Object No. 4: Browning pulley

For more than 100 years, Browning Manufacturing and the pulleys it made were mainstays of the local economy.

According to Browning family members, a man named Sprinkle came to the United States from Germany with the knowledge of how to manufacture wood split pulleys and later moved to Pennsylvania where he interested individuals with capital in building a plant to make them.

After about nine years, the owners decided to move west and Sprinkle was loaded on a flatboat with whatever machinery the plant possessed.

The flatboat tied up in Maysville in 1895, and the owner of the enterprise, J.T. Long, with Sprinkle, decided to locate in Maysville.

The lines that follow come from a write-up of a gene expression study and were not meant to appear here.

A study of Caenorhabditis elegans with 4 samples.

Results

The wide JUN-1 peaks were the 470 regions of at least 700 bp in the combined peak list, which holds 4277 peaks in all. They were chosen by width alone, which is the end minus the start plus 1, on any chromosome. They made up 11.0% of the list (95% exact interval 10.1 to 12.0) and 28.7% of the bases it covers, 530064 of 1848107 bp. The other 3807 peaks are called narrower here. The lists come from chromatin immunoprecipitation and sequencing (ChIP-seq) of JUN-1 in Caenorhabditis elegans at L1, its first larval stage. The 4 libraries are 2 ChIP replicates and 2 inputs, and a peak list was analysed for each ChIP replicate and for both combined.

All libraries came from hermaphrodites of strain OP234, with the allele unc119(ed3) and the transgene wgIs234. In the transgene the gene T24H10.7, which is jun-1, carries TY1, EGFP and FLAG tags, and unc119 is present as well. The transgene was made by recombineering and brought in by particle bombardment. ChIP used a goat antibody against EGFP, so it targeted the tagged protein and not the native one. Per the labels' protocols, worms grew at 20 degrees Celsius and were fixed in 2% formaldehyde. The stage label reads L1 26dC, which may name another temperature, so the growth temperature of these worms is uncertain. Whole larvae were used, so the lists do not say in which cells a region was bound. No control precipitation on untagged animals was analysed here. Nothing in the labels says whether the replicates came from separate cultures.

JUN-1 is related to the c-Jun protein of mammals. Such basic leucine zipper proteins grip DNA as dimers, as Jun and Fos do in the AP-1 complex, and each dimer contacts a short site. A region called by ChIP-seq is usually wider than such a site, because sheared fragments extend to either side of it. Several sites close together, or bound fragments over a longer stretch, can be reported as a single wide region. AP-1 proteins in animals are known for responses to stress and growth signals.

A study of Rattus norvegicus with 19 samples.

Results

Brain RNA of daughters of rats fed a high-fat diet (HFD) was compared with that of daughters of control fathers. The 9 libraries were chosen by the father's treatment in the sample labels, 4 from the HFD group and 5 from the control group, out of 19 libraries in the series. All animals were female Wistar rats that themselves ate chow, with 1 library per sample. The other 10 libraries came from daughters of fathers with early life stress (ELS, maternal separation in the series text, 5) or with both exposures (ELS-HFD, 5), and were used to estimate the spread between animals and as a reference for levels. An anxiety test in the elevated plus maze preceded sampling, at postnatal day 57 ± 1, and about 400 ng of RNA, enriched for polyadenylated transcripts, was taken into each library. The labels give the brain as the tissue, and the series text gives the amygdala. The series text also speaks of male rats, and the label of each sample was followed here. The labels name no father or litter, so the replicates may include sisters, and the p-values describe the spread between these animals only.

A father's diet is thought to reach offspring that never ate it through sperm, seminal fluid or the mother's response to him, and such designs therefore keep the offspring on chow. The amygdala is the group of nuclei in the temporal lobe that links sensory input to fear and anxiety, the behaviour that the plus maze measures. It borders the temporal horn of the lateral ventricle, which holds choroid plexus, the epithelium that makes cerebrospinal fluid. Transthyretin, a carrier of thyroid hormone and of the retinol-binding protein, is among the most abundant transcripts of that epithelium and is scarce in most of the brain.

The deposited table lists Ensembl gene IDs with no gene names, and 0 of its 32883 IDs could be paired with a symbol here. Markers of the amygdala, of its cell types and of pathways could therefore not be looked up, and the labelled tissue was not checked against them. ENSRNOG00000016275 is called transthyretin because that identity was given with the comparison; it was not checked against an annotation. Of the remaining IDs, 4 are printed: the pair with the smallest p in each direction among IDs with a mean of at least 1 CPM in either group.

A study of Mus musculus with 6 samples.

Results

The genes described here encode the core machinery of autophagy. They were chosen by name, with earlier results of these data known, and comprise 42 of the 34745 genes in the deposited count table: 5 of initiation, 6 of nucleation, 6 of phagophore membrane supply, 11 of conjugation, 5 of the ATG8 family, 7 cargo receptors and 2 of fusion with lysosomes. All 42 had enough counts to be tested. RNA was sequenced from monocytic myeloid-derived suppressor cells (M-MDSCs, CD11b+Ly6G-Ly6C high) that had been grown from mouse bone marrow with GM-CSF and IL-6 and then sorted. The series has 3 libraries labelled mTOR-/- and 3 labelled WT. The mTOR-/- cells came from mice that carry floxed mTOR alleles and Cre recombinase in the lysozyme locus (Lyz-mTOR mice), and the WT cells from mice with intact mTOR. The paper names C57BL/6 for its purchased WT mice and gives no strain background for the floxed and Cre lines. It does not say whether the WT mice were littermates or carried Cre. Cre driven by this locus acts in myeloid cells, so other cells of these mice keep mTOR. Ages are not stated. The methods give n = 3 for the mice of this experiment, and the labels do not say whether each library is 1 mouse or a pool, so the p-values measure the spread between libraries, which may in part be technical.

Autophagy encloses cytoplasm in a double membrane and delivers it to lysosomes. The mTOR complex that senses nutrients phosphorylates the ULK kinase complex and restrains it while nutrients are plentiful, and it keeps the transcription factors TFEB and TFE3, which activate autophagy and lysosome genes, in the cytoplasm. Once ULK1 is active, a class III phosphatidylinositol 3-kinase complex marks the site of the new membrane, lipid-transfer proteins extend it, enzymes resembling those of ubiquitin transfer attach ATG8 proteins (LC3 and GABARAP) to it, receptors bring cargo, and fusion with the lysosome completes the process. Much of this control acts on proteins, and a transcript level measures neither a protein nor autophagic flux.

Long purchased the site of Maysville's first pulley factory on Feb. 5, 1895. The tract included about 70 on both sides of Clark Street.

Long sold the business to the Ohio Valley Pulley Works on Feb. 3, 1896. A corporation was formed with a capital stock of $50,000 divided into 500 shares of $100 each. Long retained 120 shares, and he was joined by T.A. Keith, E.P. Browning and J.W. Fitzgerald.

In the early 1900s the Browning family began to consolidate stock. By 1913, the Brownings were the sole owners and remained so until 1923.

In the late 1930s, the company, formerly known as The Ohio Valley Pulley Works took on the Browning family name.


The company was sold to Emerson in 1968.

In June 2012, Emerson Industrial Automation officials announced both manufacturing locations in Maysville would cease production by the end of 2013.